Daddy’s Home appears in an aspect ratio of approximately 1.85:1 on this Blu-ray Disc. The movie boasted a generally good presentation.
Sharpness looked fine most of the time. Interiors occasionally seemed a little soft, but those weren’t a major concern, so the movie usually appeared well-defined. The image lacked moiré effects or jaggies, and edge haloes failed to materialize. Print flaws also didn’t show up in this clean presentation.
Like most modern comedies, Home opted for a palette with a mild teal and golden tint. Within those constraints, the colors seemed well-rendered. Blacks were dark and tight, and shadows were decent, though some interiors appeared a bit thick. Overall, the movie demonstrated pretty appealing visuals.
As for the movie’s DTS-X soundtrack – which downconverted to DTS-HD MA 7.1 on my system - it went with pretty typical fare for a comedy. Music spread to the side and rear channels, and occasional “action elements” – like skateboarding or a pro basketball game – opened up matters in a moderate manner. Nothing here really excelled, though, so don’t expect a particularly involving track.
Audio quality was fine. Music seemed full and vivid, and effects showed good replication; those elements demonstrated solid clarity and heft. Speech was always distinctive and concise. Again, this wasn’t a memorable soundtrack, but it suited the movie well enough.
When we move to extras, we start with The Making of Daddy’s Home. In this 11-minute, 54-second piece, we hear from producer Chris Henchy, director Sean Anders, and actors Will Ferrell, Mark Wahlberg, and Linda Cardellini. We learn of the film’s development, story and characters, cast and performances, and Anders’ impact on the production. This becomes a general piece without much substance – and it includes spoilers, so don’t watch it unless you’ve already seen the movie.
A few more short featturettes follow. We get Daddy-Off (6:44), Daddy Daughter Dance (5:11), Halftime Stunt (8:55), Tony Hawk: Skater Double (4:02), Child’s Play (5:00), Hannibal Buress: The Perfect Houseguest (5:36) and “Blooper: Jeet Kune Do” (2:05). Across these, we get comments from Anders, Ferrell, Wahlberg, Henchy, Cardellini, stunt cheerleader Taryn Terrell, stunt coordinator Todd Bryant, property master Michael Sabo, skate doubles Tony Hawk and Mike McGill, and actors Owen Vaccaro, Bill Burr, Kobe Bryant, and Hannibal Buress.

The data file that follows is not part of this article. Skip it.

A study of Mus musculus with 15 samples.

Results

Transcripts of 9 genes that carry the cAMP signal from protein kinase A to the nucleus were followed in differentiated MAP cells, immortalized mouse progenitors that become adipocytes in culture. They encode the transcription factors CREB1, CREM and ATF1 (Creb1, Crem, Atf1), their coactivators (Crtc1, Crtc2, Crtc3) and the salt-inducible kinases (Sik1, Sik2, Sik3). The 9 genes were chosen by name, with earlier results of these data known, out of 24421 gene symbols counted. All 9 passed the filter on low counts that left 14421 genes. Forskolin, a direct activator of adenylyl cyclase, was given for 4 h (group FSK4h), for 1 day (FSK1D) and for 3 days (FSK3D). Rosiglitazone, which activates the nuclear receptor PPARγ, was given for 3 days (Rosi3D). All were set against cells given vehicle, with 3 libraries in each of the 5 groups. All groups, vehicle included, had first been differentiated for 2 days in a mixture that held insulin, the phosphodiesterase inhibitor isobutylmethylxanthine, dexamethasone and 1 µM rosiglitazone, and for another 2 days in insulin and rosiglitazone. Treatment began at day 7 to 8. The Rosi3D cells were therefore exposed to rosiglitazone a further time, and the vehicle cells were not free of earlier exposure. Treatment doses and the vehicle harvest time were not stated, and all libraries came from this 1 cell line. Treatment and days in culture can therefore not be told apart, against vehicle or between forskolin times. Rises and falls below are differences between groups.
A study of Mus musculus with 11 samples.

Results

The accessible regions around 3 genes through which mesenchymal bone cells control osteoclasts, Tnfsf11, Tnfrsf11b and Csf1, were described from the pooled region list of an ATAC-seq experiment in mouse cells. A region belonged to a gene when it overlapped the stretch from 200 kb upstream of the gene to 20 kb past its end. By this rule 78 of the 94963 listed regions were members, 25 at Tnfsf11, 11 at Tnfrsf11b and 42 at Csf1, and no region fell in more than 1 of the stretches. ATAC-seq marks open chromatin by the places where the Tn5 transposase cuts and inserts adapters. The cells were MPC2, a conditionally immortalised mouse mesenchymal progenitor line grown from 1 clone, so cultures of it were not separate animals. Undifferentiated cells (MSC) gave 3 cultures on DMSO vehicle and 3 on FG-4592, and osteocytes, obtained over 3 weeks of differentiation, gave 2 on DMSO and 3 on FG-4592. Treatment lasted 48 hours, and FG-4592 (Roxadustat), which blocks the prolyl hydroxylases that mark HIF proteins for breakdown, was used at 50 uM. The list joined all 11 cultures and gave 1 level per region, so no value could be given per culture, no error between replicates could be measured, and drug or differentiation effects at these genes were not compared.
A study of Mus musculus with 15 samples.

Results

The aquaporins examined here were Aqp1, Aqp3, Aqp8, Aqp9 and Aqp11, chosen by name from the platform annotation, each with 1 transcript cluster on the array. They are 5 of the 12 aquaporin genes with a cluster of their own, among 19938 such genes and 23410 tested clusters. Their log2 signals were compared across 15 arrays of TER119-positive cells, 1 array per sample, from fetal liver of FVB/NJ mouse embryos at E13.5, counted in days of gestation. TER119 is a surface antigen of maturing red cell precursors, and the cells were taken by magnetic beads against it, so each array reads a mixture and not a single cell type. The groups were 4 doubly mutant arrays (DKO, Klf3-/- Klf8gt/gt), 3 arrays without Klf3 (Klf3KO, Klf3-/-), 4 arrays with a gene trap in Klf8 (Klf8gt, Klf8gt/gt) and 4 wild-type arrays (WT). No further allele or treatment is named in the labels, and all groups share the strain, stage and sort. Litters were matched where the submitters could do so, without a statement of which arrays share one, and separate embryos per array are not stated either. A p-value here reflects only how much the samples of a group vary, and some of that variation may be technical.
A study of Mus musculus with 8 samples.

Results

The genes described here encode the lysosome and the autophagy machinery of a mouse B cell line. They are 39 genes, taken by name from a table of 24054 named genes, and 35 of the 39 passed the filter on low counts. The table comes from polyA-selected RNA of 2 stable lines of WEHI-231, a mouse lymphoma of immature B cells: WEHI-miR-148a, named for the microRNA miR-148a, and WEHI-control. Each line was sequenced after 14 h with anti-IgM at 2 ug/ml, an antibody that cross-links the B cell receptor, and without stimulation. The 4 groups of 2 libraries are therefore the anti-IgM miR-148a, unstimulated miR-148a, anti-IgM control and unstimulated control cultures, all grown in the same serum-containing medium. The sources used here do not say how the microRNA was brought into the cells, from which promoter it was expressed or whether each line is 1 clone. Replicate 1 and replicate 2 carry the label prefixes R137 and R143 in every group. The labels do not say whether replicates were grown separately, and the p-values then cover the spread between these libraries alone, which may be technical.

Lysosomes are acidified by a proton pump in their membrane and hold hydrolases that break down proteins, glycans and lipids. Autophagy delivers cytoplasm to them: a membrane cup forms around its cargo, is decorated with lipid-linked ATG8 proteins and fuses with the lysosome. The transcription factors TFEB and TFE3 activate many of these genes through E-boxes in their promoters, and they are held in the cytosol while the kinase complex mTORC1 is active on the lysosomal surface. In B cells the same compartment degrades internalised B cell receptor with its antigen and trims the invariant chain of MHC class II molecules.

The featurettes tend toward cast/character/story topics, stunts and scene specifics. We find a smattering of minor details but not a lot of concrete information.
Five Deleted and Extended Scenes take up a total of seven minutes, 38 seconds. We find “Car Ride Q&A” (2:32), “Have Fun” (1:09), “Pre-Dance” (1:19), “Motorcycle Brad” (1:32) and “Special Ops” (1:06).
These tend to add character exposition, which makes them more valuable than most deleted/extended scenes. We see the development of some relationships and find out more about the characters. Perhaps these would’ve made the final project drag, but I think they offer some useful material.
A second disc offers a DVD copy of Home. It includes none of the Blu-ray’s extras.
Like 2010 predecessor The Other Guys, 2015’s Daddy’s Home manages a sporadic array of laughs. However, it sputters too much of the time and never lives up to its potential. The Blu-ray brings us mostly positive picture and audio along with minor supplements. Home offers mediocre comedy that doesn’t manage to ignite on a consistent basis.